Matt Zemek



Robert Deutsch - USA TODAY Sports

Kei Nishikori isn’t the Devil, but he is a tricky fellow just the same.

“The greatest trick the Devil ever pulled was convincing the world he didn’t exist.”

That quote from the 1995 movie “The Usual Suspects” goes deep into history. 19th-century French writer Charles Baudelaire is credited by some with creating that quote, but the contents of it precede him by multiple decades. An author named John Wilkinson provided a variation of the quote in 1836.

Kei Nishikori’s greatest trick is making people think his results are worse than they actually are. Such is the case after Nishikori crashed out of Dubai in the second round on Wednesday, falling to Hubert Hurkacz in three sets.

Nishikori is known for losing a lot of tournament finals. He is known for being injured a lot, which changes the way we evaluate sports careers. An injury-free or low-injury career and a high-injury career which both produce the same (or very similar kinds of) results cannot be viewed in the same terms or on the same plane. Nishikori is such a difficult player to evaluate because the specter of injury — chiefly his wrist — has been so omnipresent in his career.

Given that uncertainty, it is already difficult to assess Nishikori in a fuller context. Yet, his career — while carrying certain “what-if” qualities and dimensions — is not as sad or barren as it often seems. Look at this list of tournament results over the past several months. It sure looks a lot better on paper than the emotions so many of Kei’s losses in this time period have elicited:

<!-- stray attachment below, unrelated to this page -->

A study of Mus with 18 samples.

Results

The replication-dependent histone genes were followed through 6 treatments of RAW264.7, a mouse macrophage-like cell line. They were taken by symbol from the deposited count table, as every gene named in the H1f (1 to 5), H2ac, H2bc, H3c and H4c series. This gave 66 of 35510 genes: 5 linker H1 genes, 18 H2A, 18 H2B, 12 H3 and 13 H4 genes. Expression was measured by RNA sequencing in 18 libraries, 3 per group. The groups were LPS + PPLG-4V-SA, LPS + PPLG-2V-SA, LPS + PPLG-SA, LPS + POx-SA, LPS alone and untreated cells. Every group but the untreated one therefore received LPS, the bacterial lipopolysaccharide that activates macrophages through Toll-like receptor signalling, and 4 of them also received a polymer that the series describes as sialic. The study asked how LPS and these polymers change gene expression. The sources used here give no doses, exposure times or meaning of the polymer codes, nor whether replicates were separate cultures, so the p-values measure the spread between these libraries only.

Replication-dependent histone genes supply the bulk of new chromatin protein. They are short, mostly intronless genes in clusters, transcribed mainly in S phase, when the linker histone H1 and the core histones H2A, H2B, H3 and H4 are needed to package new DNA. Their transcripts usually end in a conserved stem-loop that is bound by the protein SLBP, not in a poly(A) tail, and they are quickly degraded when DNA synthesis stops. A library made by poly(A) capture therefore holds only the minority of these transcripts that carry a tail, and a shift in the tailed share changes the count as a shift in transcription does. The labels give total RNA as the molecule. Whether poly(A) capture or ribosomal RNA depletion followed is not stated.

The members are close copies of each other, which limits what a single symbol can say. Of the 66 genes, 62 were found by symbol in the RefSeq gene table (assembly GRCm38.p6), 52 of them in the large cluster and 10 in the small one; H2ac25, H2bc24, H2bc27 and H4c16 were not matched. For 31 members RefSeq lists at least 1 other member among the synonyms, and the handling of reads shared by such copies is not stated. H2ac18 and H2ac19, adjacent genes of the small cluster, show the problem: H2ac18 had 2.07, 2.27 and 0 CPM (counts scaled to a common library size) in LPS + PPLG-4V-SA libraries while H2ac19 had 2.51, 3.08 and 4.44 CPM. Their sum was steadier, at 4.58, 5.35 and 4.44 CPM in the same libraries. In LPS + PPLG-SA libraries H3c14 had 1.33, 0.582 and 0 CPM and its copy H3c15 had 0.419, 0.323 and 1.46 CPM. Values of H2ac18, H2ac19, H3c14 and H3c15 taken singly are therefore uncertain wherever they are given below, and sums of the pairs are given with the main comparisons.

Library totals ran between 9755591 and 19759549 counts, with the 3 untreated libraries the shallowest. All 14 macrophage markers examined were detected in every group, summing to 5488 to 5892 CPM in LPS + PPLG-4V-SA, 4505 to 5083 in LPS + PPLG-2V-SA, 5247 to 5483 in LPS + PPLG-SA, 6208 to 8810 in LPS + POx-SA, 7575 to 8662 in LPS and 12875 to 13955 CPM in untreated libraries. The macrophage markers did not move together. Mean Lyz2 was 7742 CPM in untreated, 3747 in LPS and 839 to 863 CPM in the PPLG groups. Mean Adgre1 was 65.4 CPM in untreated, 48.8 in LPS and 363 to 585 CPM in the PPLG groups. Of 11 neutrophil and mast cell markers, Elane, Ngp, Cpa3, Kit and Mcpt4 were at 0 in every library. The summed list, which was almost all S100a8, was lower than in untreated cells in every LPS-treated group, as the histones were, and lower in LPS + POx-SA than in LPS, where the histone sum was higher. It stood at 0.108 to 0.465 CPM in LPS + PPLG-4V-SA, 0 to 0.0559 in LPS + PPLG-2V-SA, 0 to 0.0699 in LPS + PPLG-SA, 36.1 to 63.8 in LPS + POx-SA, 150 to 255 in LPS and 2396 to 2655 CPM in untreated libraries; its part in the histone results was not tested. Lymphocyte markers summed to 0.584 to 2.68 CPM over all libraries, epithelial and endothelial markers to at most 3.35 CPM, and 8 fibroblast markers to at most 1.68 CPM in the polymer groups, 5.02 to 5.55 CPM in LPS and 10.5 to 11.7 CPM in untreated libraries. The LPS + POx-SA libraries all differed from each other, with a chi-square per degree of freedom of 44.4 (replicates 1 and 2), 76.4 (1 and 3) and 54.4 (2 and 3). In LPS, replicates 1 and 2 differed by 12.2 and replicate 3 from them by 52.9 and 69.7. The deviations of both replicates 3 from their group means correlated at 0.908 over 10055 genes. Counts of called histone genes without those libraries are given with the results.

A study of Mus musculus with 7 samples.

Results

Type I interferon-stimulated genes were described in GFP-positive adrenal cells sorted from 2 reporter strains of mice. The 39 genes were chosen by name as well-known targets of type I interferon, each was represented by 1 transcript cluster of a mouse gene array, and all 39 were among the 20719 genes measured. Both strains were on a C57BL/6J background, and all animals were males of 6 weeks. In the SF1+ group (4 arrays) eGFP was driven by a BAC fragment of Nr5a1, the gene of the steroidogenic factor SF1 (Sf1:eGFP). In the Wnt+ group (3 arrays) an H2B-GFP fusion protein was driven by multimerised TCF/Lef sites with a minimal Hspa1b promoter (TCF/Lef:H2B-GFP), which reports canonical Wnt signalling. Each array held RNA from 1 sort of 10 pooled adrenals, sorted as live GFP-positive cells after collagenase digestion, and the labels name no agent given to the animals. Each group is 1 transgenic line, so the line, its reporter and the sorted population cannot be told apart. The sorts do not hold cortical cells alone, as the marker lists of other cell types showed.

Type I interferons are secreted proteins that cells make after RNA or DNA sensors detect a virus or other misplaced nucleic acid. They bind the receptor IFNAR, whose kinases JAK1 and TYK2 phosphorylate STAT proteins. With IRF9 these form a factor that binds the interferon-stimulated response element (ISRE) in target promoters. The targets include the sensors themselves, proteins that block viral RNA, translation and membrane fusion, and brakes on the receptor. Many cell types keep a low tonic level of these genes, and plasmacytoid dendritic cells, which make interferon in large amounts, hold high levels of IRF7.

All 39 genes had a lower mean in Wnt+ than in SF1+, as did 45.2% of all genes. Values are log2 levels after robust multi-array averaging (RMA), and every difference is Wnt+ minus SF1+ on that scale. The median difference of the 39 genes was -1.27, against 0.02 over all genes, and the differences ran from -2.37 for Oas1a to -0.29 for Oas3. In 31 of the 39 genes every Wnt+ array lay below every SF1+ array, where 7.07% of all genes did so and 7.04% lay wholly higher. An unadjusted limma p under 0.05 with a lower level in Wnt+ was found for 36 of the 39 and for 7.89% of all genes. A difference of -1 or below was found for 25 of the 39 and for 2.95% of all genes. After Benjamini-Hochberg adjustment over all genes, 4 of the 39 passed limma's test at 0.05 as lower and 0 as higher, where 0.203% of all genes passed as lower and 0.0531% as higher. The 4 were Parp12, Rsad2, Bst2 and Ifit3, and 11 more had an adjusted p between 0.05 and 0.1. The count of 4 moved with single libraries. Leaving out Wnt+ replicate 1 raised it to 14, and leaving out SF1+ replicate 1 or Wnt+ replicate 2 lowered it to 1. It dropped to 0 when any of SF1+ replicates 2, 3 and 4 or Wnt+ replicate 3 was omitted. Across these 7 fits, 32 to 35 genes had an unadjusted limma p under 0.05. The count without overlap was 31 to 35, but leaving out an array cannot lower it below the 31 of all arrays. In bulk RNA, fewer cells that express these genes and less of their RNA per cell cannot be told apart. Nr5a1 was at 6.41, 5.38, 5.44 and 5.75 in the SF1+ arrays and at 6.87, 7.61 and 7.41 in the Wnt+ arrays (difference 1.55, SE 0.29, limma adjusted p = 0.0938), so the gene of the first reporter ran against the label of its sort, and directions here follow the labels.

The portfolio of Nishikori results is not spectacular, but one of the basic measurements of professional quality is the ability to contend for championships and offer a steady, credible, workmanlike performance whenever you show up in your workplace and ply your trade. Nishikori does that. He is almost always seen playing on a Friday at any tournament he enters. He doesn’t lift a ton of trophies, but he is almost always in the mix.

This Dubai loss might seem “normal” to Nishikori observers in that it was a weird match in which the pieces just didn’t fit together. We have seen that a lot from Kei over the years. Yet, the rarity with which Nishikori has lost before the quarterfinals in any tour event over the past several months must be taken into account.

How good — or modest, or frustrating, or subtly impressive — has Kei Nishikori’s career been?

The devil if I know.

Matt Zemek is the co-editor of Tennis With An Accent with Saqib Ali. Matt is the lead writer for the site and helps Saqib with the TWAA podcast, produced by Radio Influence at Matt has written professionally about men's and women's tennis since 2014 for multiple outlets: Comeback Media, FanRagSports, and independently at Patreon, where he maintains a tennis site. You can reach Matt by e-mail: You can find him on Twitter at @mzemek.